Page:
The botanical name for the versatile and much-loved perennial commonly known as the Daylily is Hemerocallis. This comes from the Greek ‘hemera’, meaning ‘day’ and ‘kallos’, meaning ‘beauty’. So this is a beautiful variety of plant whose individual flowers typically last for only around 24 hours. Don’t be misled by a name! The reality is that each Daylily flower spike (known as the scape) presents numerous flower buds. What’s more, each Daylily clump also contains multiple scapes, and so the reality is that each clump can typically flower for several weeks at a time – all of which makes the Daylily an ideal way to add lasting beauty to your garden!
There’s even better news: many varieties of Daylily, (known as cultivars) have a tendency to re-bloom, which extends the flowering season even further. There are over 60,000 registered cultivars; a truly bewildering variety, so whatever your tastes you’ll never be short of choice.
The Daylily is native to Asia, with the first recorded reference dating back to China in 2,697 BC. Since then, things have moved on a great deal in Daylily cultivation, and since the 1930’s hybridizers in the USA and UK have made great leaps in evolving the Daylily for modern needs and tastes.
These innovations have produced what could easily be called the ultimate, low-maintenance, hassle-free perennial. Daylilies are nothing if not ‘forgiving’, famous for their hardiness and for their ability to grow in most soils, in most climates, with minimal care.
Despite needing little of your time and attention, there are definitely ways in which you can optimise the pleasure you get from your Daylilies. They will of course tolerate light shade, but to see them at their best they thrive on sun, sun, sun! This means they’re best-sited where they’ll receive at least six hours of direct sunlight. This is especially true of the lighter coloured blooms, such as yellow, pink and delicate pastels. (Please note though, that darker shades, such as reds and purples definitely do benefit from partial shade at the hottest time of the day).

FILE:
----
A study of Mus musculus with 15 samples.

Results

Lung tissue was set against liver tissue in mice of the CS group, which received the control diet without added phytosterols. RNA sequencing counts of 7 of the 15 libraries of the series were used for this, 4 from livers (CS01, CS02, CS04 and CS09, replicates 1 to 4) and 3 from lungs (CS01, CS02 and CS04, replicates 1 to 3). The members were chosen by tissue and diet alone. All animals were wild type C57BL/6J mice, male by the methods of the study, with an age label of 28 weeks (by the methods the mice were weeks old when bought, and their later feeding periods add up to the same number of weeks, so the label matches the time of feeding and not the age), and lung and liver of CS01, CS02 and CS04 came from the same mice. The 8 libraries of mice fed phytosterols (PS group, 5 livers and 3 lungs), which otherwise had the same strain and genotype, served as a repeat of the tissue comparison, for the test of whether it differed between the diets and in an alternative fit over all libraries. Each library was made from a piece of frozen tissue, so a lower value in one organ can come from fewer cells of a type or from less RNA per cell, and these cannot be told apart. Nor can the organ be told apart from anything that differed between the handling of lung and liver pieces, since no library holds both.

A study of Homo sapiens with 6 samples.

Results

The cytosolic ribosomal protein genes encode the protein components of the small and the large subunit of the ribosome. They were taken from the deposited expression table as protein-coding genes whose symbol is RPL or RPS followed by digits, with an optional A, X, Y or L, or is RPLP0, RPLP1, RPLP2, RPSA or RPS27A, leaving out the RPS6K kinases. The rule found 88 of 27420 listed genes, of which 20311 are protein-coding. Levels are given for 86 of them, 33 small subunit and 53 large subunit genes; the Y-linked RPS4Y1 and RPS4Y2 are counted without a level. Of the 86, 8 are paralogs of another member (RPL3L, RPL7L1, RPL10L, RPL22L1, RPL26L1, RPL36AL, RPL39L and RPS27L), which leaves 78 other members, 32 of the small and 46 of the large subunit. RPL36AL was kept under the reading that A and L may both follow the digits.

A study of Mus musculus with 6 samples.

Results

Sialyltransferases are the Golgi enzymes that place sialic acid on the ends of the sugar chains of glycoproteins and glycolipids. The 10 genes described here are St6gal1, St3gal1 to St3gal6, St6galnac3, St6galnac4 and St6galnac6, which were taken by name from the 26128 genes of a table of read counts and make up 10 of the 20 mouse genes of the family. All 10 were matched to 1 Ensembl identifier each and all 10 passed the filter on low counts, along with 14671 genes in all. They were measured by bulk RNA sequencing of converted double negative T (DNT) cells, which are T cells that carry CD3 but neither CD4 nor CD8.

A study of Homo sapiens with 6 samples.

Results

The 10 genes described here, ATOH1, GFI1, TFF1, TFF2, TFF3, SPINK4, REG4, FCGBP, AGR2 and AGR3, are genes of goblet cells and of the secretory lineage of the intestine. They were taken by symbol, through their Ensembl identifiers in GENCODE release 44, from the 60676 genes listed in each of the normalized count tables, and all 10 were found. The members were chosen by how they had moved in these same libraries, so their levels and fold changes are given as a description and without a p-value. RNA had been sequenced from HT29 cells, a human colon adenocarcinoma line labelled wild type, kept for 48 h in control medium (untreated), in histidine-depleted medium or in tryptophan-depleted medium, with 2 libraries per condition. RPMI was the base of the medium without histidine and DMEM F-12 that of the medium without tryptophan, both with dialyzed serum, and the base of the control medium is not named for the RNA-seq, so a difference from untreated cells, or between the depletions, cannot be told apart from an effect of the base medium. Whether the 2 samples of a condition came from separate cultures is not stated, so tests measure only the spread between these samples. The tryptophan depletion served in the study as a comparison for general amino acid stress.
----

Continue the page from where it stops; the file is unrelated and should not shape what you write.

Daylilies are fairly resistant to most pests & diseases; Gall-midge, thrips and slugs and snails can cause a bit of a headache, but if present, these nuisances usually inflict only minor damage on the plants. Daylily rust, a fungal disease which is prevalent in the USA, doesn’t seem to affect daylilies in the UK.
Daylilies can of course be hybridized to create new varieties, and this is generally far easier than you might have imagined. What’s more, since ancient times the buds of Daylily have also had culinary uses. That’s right, you can actually eat them!
These are specialist subjects to some extent, and so we encourage you to look out for our ongoing series of blogs for further information!